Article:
Two months after Facebook announced it had been overestimating average view time for videos, the social network let out that it found four more discrepancies in performance metrics relied on by digital marketers and advertisers.
The most glaring of these miscalculations is how organic reach has been overrepresented in the Page Insights dashboard. Per the Wall Street Journal:
Facebook found that it had been overcounting how many people were exposed to marketers’ organic posts, meaning regular posts that weren’t paid ads, because it was adding up the daily reach over certain periods without accounting for repeat visitors. The corrected metric on average will be about 33% lower for the seven-day period and 55% lower for the 28-day period, Facebook said.
The issue, which has been present since May of this year, was discovered after an internal review of Facebook’s advertising and performance metrics. In an attempt to subdue the concerns of many, Facebook announced that it would “double-down” on additional third-party reviews and validation of its data.
Still, this does not help businesses who are solely operating on Facebook organically. They now must deal with the fact that their audience may be less than half of what they thought it was.
Organic reach, outlined in red, is over estimated by 50% when looking at the last 7 days, and 100% across a four week span (28 days)
It Gets Worse…
In addition to coming clean about these reporting errors, Facebook also announced that it will be introducing a stricter definition to organic reach in the coming months. As it stands, reach includes users who had a post in their newsfeed even if a user never scrolled far enough to actually view the post.
That’s right, your organic reach includes people who haven’t even seen your posts!
In an effort to improve the transparency of this metric, Facebook will be adjusting organic reach counts to go off of “viewable impressions,” only counting reach when a unique user sees a post on their screen. This is the same way Facebook currently determines the reach of paid content, so the change will create parity between how the two are reported.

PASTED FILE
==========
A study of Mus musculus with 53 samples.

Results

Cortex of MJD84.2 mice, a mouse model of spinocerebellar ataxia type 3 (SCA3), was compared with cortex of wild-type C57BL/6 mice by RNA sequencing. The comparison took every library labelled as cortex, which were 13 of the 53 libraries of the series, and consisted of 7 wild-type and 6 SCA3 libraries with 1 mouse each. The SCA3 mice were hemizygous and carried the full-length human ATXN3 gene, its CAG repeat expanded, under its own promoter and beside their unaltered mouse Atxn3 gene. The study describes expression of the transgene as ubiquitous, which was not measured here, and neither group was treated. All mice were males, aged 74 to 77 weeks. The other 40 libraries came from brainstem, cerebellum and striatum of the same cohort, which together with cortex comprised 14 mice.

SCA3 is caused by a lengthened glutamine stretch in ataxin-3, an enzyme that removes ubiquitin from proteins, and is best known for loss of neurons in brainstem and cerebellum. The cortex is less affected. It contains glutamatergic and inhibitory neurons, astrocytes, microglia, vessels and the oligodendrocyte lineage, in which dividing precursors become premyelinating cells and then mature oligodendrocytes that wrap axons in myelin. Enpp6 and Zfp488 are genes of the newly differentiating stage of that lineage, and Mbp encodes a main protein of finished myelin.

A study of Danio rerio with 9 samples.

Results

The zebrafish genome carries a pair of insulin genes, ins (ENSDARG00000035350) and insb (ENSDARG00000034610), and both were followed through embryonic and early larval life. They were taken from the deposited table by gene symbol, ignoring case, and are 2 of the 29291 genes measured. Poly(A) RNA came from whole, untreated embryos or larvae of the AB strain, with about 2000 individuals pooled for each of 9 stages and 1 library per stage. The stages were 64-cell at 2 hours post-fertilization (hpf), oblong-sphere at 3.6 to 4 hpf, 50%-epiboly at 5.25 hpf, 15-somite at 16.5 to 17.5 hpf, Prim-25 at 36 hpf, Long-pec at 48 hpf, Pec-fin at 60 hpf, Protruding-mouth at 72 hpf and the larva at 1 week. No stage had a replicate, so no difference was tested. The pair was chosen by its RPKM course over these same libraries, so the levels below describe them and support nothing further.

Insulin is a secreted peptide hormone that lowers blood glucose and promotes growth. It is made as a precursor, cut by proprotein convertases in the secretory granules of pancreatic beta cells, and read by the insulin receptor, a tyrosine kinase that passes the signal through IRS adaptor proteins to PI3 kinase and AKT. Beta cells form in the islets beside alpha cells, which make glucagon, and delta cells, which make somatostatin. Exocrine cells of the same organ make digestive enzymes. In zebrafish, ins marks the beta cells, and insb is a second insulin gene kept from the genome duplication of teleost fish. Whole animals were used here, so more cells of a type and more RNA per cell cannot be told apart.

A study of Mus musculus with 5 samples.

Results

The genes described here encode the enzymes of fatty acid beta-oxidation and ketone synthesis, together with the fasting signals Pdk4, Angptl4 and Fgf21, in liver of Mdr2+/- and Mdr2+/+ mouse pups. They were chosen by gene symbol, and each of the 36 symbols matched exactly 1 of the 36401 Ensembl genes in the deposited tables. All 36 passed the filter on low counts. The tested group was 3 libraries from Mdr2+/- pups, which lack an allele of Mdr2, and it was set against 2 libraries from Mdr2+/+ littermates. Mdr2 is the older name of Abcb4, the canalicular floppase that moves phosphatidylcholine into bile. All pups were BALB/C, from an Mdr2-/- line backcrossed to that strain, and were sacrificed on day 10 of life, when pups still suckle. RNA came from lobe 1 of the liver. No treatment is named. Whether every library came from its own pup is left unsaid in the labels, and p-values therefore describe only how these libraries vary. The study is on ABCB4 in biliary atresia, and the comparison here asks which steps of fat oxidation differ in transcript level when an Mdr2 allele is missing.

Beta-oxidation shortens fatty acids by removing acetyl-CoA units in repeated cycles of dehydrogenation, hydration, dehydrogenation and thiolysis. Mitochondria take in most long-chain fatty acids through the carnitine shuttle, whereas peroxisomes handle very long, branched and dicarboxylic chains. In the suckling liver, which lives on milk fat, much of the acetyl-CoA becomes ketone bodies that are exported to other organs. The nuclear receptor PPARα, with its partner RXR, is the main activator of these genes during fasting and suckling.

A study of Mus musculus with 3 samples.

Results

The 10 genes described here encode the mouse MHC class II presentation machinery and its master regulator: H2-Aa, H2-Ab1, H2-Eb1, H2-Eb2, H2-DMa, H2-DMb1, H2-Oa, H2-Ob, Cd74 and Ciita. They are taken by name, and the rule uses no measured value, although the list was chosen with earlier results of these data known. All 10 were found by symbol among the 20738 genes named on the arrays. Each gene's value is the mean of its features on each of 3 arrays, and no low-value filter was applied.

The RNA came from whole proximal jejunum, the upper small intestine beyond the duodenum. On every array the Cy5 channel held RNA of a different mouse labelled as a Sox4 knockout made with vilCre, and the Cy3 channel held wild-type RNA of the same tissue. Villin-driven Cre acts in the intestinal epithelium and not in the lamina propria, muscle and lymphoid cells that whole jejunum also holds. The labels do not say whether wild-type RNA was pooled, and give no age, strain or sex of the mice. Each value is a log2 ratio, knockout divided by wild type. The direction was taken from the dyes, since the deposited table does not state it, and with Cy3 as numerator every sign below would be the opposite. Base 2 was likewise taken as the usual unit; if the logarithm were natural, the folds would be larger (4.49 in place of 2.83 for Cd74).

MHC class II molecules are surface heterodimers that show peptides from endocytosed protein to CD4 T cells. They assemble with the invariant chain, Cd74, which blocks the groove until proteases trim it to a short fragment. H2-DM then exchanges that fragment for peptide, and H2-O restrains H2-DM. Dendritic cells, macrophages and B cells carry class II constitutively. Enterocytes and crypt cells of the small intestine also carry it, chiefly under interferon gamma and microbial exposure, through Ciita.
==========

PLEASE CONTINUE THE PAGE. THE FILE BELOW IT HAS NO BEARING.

The result of this change? Reported organic reach is expected to drop an additional 20% on average. To be clear, this does not mean that you will reach 20% fewer people. Instead it is just a more accurate reflection of your actual audience size. (You can learn more about the difference between organic and paid audiences with our Facebook Calculator.)
To help marketers stay on top of all the upcoming reporting adjustments, Facebook has launched a new blog series, Metrics FYI.
Before your start preparing a “brace yourself” speech for your boss or clients, let’s take a look at some lessons learned from this new revelation.
Lesson 1: Organic Posting Is the Least You Can Do
Literally. We already knew that organic reach on Facebook is abysmal. If you are still gung-ho about posting organic content, don’t let this stop you, just know that your reach can be well below 5 percent of page fans. Organic posts are a great way to make sure your business page stays fresh, but other than that, it’s a bit like yelling in an empty room.
Lesson 2: It’s Time to Start Boosting Posts
If posting organically is the least you can do, the next best thing would be boosting those same posts. Boosting allows you to expand the reach of your organic posts by putting a little money behind them. There’s no need to boost everything. Just pick a few that have the best engagement, and give them the nudge they so desperately want. (Do Facebook posts have feelings? I think they do.)
Lesson 3: You Have to Pay to Play
You knew this was coming, didn’t you? Facebook has approximately 4 million advertisers with a growth rate of 50% in the last year. That being said, the cost-per-click is still well below AdWords. If you haven’t already joined the movement, consider this a wake-up call.
This article originally appeared in Internet Marketing Blog by WordStream.
This article was written by Jess Armstrong from Business2Community and was legally licensed through the NewsCred publisher network.